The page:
Grover Norquist of Americans for Tax Reform, the national taxpayer rights organization that works to support anti‐tax groups, says that one of the most significant results of the tax cap measure is that now “Florida will probably never have a state income tax.” Biddulph agrees and maintains that the Tax Cap Committee’s ultimate agenda is to “turn Florida into the nation’s largest enterprise zone.”
Nevada and South Dakota voters also approved anti‐tax initiatives that are only slightly less stringent than the Florida measure. They require supermajority votes of the legislature or a vote of the people to enact new taxes.
Meanwhile, in California, Proposition 13’s stepsister initiative, which requires voter approval of any new local taxes, won by a comfortable margin. In Prince George’s County, Maryland, despite one of the largest populations of government workers of any county in the nation, a high‐profile campaign by the political establishment to overturn a property tax cap called TRIM was routed. Instead, county residents voted to make it even tougher to raise taxes.
And so it went around the nation. Voters declared themselves more tax‐aphobic than perhaps at any time since 1978, when Proposition 13 ushered in the era of the tax revolt. Efforts by the left to convince the public to approve major new revenue‐raising initiatives fell flat. In California voters said no to a “soak the rich” proposal to raise the income tax rate for the wealthiest Californians. A “penny per pound” sugar tax to pay for the Everglades cleanup, perhaps “Big Green’s” number 1 ballot measure, failed. Oregon citizens voted “nay” on a bottle tax for environmental cleanup.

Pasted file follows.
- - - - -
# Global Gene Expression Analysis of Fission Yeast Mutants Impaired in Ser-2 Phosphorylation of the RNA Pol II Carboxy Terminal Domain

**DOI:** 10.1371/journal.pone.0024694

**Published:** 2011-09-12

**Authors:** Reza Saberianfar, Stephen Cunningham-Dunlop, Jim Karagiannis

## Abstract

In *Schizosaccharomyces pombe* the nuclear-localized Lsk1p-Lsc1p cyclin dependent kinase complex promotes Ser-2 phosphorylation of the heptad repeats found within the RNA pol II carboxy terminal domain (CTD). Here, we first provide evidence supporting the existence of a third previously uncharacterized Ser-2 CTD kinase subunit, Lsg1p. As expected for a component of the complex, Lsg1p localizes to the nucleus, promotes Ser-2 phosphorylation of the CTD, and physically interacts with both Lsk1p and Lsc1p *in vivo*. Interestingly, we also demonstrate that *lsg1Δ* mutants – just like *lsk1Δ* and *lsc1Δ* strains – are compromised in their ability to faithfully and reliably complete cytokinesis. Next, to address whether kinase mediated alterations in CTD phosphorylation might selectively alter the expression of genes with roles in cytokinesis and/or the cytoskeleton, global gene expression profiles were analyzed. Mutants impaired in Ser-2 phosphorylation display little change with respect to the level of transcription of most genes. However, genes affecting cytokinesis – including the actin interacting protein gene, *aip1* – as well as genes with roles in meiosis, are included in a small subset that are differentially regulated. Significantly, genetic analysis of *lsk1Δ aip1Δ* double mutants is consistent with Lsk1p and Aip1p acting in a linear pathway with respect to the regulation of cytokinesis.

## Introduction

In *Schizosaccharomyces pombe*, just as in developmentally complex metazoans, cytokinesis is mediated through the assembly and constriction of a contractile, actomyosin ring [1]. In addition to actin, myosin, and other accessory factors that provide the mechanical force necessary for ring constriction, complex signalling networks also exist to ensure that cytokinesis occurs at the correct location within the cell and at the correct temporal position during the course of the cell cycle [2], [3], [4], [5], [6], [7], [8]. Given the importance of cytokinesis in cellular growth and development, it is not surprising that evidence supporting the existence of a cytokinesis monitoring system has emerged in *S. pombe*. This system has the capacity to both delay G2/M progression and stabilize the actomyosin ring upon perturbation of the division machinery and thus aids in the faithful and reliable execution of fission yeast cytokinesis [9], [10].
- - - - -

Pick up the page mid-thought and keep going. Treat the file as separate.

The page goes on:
The virtue of the initiative and referendum powers — and the reason they are so urgently needed in every state and on a national level — is that when the elected arrogantly ignore the wishes of the citizens, the citizens have the authority to override the wishes of the legislature.
That is precisely what has been happening in initiative and referendum states in recent years. The accompanying table shows that there are now 14 states with anti‐tax measures. The experience suggests that they are quite effective. For example, in Colorado Amendment I, a voter approval requirement for any new taxes, was approved by voters in 1992. Tax increases have been stopped dead in their tracks. Efforts to convince voters to approve taxes have continually failed. Without new revenue sources to easily tap into, state government in Denver is changing the way it does business. “These days, when agencies want more funds, they are forced to cannibalize each other,” says taxpayer‐activist Doug Bruce.
It’s a similar story in Arizona. In November 1992, 72 percent of Arizona voters approved a “supermajority requirement” to raise taxes. According to state officials in Phoenix, it’s not even worth the effort to propose new taxes anymore. The Arizona measure helps ratchet the size of government down, not up.
What are the major lessons for the 105th Congress and state legislatures from these ballot returns? The frothy media spin on the election has been that voters want better government, not less government. Yet, when voters had opportunities on the ballot to say exactly what they meant, they proclaimed: we want less taxes, even if it means less government. The anti‐tax issue is today as politically turbo‐charged as ever.
The results also punctuate the case for a federal supermajority vote requirement to raise taxes. Americans have been hit with 12 tax hikes in the past 20 years; each one has succeeded in further expanding the size of government, rather than reducing the debt. At the state level, voters seem to be reckoning: If we cut off the beast’s food supply, it stands to reason that the beast will stop growing. Supermajority requirements do just that. They allow legislatures to raise taxes during a time of major crisis, such as a war or disaster, but preclude the seemingly annual peacetime quest by politicians for added tax revenues to pay for new and expanded programs.
If history is any guide, Washington, D.C., can be counted on to be the last place in America to detect and adopt this nationwide political trend. ATR’s Norquist predicts that “by 2000 every state with initiative and referendum will have passed a version of the supermajority law.” It is to be hoped that by then Washington will have gotten the message that an anti‐tax fever is brewing in America.